In February, we completed our first mobile phone survey round in the Democratic Republic of Congo. We’ve learned a lot and have a long list of insights to share with you. For now, we will tell you about the process of running our first phone surveys with displaced people living in Mugunga 3 camp.

Keeping the phones charged up in a camp


When we started our test calls, we realized that we were having trouble getting through to some people. When our team visited the camp to find out why, access to electricity was the main problem.  Many people keep their phones switched off to preserve battery life. That explained why we were not always able to get through.  A focus group discussion in the camp showed that phone charging in the camp cost 200 CDF (0.2 USD), compared to 150 CDF outside the camp in Mugunga.  Many camp residents are too poor to pay to charging their phones, let alone at high prices.  We therefore had to ensure access to phone charging services if we expected people to answer our calls. After discussions, it was agreed that setting up a small solar charging station in a central location would be the most economical, convenient and sustainable option.


In a matter of days, WFP Goma set up the solar charging station, in collaboration with the camp’s income generating activity management committee. People can charge their WFP issued phones there for free on Mondays, Tuesdays and Wednesdays.

The newly established charging station was operating very well until – maybe due to too much excitement and over-loading – the converter conked out. It is now being repaired in a local shop and we hope the charging station will soon be back in action.

In addition to setting up the charging station, a committee was elected among the phone survey respondents. It is composed of 7 members, including 4 women. The purpose of the group is to manage matters related to the phones, such as charging issues, and when needed, bring them to the attention of the camp management or the mVAM team. We’re excited to see the respondents taking initiative in forming the committee; its existence should help the mVAM team in Goma stay in touch with the population and resolve some of the other issues that came to light during the monitoring visits, which include a few cases of locked phones, swapped SIM cards, lost or re-sold phones. To keep response rates up, we’re also providing a 500 CDF (USD 0.50) airtime incentive credit for each complete questionnaire. When the incentives were paid the first time, our operators began receiving a steady flow calls from thankful survey respondents. We expect that the provision of charging services and of an airtime incentive will help us stay in touch with the people in the camp.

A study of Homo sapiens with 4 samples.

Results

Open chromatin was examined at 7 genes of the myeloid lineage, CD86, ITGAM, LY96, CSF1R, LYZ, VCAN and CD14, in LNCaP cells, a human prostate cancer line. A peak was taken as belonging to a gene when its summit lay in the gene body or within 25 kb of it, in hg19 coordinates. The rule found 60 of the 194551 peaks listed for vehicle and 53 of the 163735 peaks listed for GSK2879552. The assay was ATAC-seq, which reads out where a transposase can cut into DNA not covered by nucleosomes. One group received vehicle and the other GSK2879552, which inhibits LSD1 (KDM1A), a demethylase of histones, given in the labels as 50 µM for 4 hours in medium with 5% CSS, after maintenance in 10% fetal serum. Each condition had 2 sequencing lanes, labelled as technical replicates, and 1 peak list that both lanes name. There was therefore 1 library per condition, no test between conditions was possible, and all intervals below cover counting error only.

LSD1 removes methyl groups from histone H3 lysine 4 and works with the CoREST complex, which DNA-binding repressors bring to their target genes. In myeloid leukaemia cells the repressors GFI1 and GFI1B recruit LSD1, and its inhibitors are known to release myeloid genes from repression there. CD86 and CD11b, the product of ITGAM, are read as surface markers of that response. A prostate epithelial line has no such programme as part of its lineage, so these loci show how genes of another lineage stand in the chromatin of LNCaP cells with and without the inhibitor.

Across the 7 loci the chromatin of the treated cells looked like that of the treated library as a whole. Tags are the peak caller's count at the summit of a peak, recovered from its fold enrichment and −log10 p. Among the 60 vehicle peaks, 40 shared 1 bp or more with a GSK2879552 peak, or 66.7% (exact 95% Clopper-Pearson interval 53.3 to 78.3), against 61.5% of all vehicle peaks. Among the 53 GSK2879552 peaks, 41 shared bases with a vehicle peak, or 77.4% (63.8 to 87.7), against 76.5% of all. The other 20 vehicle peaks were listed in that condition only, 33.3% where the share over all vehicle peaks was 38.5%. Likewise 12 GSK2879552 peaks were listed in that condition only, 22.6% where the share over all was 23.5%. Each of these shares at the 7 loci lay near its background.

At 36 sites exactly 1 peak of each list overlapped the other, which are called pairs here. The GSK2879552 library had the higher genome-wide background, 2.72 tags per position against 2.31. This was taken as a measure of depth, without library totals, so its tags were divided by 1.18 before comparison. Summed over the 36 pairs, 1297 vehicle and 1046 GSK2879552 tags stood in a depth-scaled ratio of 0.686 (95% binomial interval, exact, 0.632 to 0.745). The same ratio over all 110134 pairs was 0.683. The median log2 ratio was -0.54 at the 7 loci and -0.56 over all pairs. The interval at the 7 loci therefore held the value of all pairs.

Getting people to answer the phone when we call

At the time our face-to-face baseline survey in Mugunga 3 in November 2013, 90% of the interviewees ‘opted in’, and agreed to be contacted by phone in the future. During our test calls in January, we had a 40% response rate, in February, a 45% response rate. The challenge is reaching people, rather than signing them up for the surveys in the first place.

Interestingly, our experience has some similarity with Listening to LAC, the phone survey project implemented in Latin America, which also involved a face-to-face survey, phone distribution and follow up calls. In their experience in Peru in 2012, Listening to LAC also had a 90% ‘opt-in’ rate, but achieved a 51% response rate to their live calls. We seem to be mirroring that experience, in a starkly different setting. As our initial 45% response rates in eastern DR Congo are not far from that benchmark, we believe we’re on the right track. Considering the high vulnerability of the population we’re working with, obtaining such response rates is encouraging. However we also know that phone surveys run in other contexts in Africa have achieved response rates in the 60%-70% range; we also have some scope for improvement. We will keep an eye on response rates as calls continue.

We plan to try out different ways of assessing whether the very poorest households in the camp were able to respond to our surveys, so stay tuned.